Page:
WASHINGTON – The U.S. Conference of Catholic Bishops has issued a set of guidelines for using social media, especially as social networking sites such as Facebook and Twitter continue to gain in popularity.
“Social media are the fastest growing form of communication in the United States, especially among youth and young adults,” the guidelines say. “Our church cannot ignore it, but at the same time we must engage social media in a manner that is safe, responsible and civil.”
“My hope is that they’ll be a useful resource to people, especially to dioceses and parishes that are interested in using social media,” said Helen Osman, USCCB secretary for communications, in a July 19 interview with Catholic News Service.
The guidelines, which Osman said were posted on the USCCB’s website in early July, can be accessed by going to www.usccb.org/comm/social-media-guidelines.shtml.
“The church can use social media to encourage respect, dialogue, and honest relationships – in other words, ‘true friendship,’ ” said the guidelines, quoting from Pope Benedict XVI’s 2010 World Communications Day message. “To do so requires us to approach social media as powerful means of evangelization and to consider the church’s role in providing a Christian perspective on digital literacy.”
The guidelines point to visibility, community and accountability as three principal areas where the church can make a positive mark in social media.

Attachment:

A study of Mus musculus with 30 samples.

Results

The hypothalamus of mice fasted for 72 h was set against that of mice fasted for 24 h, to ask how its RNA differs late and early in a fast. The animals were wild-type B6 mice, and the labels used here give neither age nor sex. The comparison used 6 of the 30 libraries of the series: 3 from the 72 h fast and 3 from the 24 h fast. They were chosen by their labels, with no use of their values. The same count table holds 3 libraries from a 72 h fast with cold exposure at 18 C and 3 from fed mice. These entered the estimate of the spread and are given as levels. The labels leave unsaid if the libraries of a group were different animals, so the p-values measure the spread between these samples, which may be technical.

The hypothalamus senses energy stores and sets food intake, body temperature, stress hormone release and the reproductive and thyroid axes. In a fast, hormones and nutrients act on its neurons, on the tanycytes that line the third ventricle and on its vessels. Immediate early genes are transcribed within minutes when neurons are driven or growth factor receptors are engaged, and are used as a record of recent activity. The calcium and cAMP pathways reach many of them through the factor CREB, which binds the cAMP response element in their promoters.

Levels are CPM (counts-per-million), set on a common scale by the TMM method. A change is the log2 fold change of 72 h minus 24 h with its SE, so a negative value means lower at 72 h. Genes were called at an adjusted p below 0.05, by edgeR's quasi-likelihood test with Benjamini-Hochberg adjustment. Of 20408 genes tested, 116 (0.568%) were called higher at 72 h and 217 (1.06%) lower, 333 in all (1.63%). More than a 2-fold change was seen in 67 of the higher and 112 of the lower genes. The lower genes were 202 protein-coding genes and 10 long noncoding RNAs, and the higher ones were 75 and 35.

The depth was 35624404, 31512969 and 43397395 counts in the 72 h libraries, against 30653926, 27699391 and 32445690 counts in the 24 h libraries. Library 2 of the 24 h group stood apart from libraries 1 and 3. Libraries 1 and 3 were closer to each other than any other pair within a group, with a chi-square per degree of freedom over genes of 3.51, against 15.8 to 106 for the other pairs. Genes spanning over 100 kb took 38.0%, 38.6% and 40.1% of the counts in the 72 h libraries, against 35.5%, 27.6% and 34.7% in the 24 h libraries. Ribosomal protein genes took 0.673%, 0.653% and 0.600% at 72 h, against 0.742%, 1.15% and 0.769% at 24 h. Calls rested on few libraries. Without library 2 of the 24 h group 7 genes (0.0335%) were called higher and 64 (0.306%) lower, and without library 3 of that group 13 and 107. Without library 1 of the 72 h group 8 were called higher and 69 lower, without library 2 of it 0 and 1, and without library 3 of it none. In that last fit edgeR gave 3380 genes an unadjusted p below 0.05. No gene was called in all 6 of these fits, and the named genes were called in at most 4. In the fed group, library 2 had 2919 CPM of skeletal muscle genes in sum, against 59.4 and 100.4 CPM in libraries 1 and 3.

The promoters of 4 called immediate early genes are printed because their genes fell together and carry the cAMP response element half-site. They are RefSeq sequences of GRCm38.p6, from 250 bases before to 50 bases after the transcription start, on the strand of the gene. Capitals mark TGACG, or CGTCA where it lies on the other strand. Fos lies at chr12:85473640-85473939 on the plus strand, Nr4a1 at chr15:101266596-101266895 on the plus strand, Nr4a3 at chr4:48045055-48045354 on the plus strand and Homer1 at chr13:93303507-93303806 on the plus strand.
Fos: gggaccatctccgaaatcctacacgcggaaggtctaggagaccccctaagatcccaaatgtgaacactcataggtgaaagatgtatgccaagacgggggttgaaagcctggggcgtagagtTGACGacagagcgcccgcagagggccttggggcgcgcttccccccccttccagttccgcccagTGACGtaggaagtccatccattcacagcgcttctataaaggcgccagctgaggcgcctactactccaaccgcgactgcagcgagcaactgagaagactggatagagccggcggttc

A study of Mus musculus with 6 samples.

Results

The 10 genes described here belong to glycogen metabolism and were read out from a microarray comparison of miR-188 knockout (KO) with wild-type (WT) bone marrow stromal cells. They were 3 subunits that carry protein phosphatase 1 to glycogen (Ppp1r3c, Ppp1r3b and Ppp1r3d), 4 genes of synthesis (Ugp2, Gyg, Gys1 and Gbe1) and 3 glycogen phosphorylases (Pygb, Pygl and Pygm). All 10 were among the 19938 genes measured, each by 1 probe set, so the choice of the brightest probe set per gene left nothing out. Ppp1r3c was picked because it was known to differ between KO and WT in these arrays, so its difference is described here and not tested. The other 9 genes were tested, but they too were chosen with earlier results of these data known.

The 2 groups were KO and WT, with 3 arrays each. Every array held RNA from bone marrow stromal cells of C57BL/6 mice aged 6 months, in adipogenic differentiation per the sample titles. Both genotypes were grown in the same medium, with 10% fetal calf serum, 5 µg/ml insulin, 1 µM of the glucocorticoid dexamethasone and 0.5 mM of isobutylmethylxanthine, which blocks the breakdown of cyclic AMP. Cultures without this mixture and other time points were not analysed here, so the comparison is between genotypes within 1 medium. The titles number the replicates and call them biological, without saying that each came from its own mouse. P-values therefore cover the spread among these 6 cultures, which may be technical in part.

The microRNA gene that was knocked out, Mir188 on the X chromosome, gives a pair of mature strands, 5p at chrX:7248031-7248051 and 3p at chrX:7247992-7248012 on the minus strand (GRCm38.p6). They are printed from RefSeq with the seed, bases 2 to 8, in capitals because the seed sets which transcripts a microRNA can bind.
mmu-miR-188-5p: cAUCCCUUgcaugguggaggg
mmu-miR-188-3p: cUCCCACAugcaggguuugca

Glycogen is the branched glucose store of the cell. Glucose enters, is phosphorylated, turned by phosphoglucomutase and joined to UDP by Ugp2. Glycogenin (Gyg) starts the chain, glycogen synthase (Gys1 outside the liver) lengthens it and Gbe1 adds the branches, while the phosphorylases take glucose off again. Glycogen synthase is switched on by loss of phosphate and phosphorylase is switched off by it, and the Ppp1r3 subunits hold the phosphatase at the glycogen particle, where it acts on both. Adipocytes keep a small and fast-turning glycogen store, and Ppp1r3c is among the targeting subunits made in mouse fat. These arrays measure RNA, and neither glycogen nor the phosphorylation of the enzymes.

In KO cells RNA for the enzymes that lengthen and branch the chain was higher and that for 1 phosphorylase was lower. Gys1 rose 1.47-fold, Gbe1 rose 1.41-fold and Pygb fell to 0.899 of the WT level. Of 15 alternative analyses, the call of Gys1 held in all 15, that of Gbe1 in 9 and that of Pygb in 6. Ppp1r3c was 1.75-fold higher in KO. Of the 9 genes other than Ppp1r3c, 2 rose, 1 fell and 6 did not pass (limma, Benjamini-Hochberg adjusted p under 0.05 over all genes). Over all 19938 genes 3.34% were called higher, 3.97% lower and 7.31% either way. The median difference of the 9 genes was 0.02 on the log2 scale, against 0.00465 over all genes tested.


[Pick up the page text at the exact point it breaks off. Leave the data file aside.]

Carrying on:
“The key question that faces each church organization that decides to engage social media is, How will we engage?” the guidelines said. “Careful consideration should be made to determine the particular strengths of each form of social media,” which include blogs, text messages and social networks, and the needs of a ministry, parish, or organization.
“The strengths should match the needs,” they added.
“In the case of social media, the axiom ‘build it and they will come’ is not applicable. It is important to set internal expectations regarding how often posts will be made, so that your followers can become accustomed to your schedule,” the guidelines said.
Social media can be powerful tools for strengthening community, according to the guidelines, “although social media interaction should not be viewed as a substitute for face-to-face gatherings. Social media can support communities in a myriad of ways,” including connecting people with similar interests, sharing information about in-person events and providing ways for people to engage in dialogue.
“It is important that creators and site administrators of social media understand how much social media are different from mass media and the expectations of their consumers,” the guidelines said. “Social media’s emphasis is on the word ‘social,’ with a general blurring of the distinction between creators of content and consumers of content.”
The USCCB’s own Facebook site lays out ground rules: “All posts and comments should be marked by Christian charity and respect for the truth. They should be on topic and presume the good will of other posters. Discussion should take place primarily from a faith perspective. No ads please.” The guidelines recommend “always” blocking usage by anyone who does not abide by an established code of conduct. “Do not allow those unwilling to dialogue to hold your site and its other members hostage,” it said.
“You would think as Catholics you wouldn’t have to remind us to play nice, but it was in every set of guidelines I looked at,” Osman told CNS.
It may seem counterintuitive, but Osman said she has “gotten one request for a printed version” of the guidelines. She said, though, that it “needs to be a living, breathing document on the Web. There may need to be changes on a regular basis.”
One potential change: The guidelines said there are “400 million active users” on Facebook. But Facebook’s founders were set to announce before the end of July that the social networking site had reached the 500 million mark.